Toronto is a melting pot of cultures and so it’s not surprising that it’s full of restaurants serving fusion cuisine. In every corner of Toronto, you can spot eclectic, ethnic restaurants ranging from Tibetan to Spanish cuisines.
Patois is one example of the many restaurants embracing this fusion trend. The name “Patois” is translated as, "the merging of great food ideas from various cultures, executed with respect for the ingredients," on its website. The restaurant is located in Little Italy, one of Toronto’s trendiest restaurant locations and claims to be an eatery where “Caribbean meets Asian soul food.” While fusion is hard to do, Patois’ owner, chef Craig Wong, has successfully embodies the idea of Patois in his dishes.
The restaurant has a laid back atmosphere with loud hip-hop music playing in the background and a mixture of communal tables, bar seating, and regular seating tables. If you’re looking for privacy, this may not be the restaurant for you; however, this is an ideal second date spot to indulge in Patois’ great range of cocktails. This place fills up quickly on a Friday night, so be sure to call for a reservation! Unless you don’t mind sitting at the bar.
For starters, we ordered the Kimchi potstickers “Pierogi” style. The potstickers were topped off with bacon, kimchi sour cream, and scallions, and came with a side of caramelized onions. Sadly, the dish was underwhelming; in my opinion, it was a failed attempt to make a traditional dish — one that’s been mastered by Asian cuisines — better. Some fusion restaurants try too hard to give traditional dishes a new spin and this is a perfect example of this. Like the saying goes, if it ain’t broke don’t fix it.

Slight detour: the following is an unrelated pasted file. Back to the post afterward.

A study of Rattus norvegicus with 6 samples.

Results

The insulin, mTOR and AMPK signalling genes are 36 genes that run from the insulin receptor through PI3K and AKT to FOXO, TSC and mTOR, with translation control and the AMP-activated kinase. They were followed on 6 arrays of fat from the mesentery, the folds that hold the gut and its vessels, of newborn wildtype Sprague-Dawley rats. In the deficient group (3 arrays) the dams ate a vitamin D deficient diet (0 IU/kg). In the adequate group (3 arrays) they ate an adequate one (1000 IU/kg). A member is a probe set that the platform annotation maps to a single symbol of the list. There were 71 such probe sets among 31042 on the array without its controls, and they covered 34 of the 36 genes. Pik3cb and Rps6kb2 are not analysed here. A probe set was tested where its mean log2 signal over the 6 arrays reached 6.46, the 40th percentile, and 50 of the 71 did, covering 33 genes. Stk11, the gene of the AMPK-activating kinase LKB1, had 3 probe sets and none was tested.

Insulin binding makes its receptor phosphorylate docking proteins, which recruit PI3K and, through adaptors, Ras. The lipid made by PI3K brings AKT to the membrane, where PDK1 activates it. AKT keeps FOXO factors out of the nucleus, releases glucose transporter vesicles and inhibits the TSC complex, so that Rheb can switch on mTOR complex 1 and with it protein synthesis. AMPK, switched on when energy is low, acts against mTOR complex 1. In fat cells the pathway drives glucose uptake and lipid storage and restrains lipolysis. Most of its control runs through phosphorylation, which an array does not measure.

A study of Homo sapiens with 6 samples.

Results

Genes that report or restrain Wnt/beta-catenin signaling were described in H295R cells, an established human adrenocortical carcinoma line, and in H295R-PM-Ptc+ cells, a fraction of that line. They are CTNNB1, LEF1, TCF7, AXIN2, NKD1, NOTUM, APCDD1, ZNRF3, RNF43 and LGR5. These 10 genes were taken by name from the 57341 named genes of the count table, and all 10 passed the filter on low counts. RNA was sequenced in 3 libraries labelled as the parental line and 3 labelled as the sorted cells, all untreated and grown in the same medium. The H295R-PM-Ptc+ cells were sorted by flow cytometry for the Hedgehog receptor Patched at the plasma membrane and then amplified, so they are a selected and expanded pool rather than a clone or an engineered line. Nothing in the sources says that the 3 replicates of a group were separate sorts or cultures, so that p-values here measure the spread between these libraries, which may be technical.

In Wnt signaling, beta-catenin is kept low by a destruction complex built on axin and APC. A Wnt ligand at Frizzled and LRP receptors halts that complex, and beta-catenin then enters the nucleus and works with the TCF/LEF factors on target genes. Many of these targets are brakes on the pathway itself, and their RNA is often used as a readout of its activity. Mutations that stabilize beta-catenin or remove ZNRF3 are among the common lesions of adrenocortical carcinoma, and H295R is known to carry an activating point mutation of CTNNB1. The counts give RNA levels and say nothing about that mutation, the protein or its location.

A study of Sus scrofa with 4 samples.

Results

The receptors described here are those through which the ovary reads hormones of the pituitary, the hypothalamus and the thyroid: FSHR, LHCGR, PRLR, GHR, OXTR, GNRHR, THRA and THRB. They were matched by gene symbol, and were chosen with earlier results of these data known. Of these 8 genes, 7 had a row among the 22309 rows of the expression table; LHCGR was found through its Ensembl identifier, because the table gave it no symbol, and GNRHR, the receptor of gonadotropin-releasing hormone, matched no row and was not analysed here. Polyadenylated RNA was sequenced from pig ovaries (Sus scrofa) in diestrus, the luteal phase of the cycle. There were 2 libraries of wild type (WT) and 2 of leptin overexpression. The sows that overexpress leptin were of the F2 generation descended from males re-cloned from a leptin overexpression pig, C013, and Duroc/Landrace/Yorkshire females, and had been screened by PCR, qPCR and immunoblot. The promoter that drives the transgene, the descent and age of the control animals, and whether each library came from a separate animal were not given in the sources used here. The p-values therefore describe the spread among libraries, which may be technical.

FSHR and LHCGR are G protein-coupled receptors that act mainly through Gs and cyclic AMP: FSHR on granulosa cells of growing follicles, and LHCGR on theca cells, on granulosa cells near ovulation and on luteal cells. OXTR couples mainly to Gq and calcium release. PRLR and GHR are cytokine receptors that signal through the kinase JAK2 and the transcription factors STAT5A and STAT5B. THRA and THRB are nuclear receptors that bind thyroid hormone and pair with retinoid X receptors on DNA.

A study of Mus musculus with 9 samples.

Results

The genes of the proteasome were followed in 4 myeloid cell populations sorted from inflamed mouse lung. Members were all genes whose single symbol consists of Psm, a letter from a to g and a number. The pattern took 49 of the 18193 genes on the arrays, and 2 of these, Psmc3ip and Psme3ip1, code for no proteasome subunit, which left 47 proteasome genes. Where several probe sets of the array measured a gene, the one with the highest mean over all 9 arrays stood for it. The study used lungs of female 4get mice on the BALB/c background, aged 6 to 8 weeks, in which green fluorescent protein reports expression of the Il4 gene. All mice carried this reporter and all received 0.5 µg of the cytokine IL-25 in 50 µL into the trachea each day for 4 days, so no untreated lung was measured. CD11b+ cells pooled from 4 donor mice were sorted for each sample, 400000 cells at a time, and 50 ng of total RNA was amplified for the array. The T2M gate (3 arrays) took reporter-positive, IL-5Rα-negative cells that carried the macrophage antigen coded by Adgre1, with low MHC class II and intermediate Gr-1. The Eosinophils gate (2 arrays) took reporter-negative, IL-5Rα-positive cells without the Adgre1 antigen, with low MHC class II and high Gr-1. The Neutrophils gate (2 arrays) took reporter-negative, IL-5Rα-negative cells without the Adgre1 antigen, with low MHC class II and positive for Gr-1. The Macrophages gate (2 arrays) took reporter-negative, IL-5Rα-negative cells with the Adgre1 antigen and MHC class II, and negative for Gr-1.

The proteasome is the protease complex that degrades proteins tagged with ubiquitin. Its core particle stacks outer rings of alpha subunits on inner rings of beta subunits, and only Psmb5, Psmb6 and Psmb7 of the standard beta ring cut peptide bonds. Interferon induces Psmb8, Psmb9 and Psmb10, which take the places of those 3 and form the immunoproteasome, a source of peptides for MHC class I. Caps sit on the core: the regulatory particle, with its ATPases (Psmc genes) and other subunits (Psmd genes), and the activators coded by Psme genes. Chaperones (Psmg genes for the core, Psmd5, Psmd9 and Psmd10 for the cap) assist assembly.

For one of our main dishes, we ordered the O.G Fried Chicken with a side of watermelon pickle. The chicken was perfectly crisped and juicy on the inside. Unlike the majority of restaurants that botch attempts at fried chicken, Patois has one of the best-fried chickens in town. This chicken is paired with a Thai basil and sweet Sriracha sauce, giving the chicken an extra kick.
We also ordered the Chinese “pineapple” bun burger. The burger represented the restaurant’s idea of “Caribbean meets Asian Soul food” very well, and reminded me of the culinary flavors in Hong Kong, my heritage. The burger contains hickory sticks, pickled cucumbers, oyster sauce, and a double beef patty. This is one of the juiciest burgers I’ve had in a long time. By using the pineapple bun — a bakery staple in Hong Kong — as the burger bun, it reinvents the idea of fusion comfort food.
Patois is where you indulge. In other words, if you’re looking to count calories, this isn’t the place for you. Also stay updated on its social media accounts for the return of its Sunday Brunch Menu. Count me in for fried chicken and a side of Hong Kong egg waffle in the morning!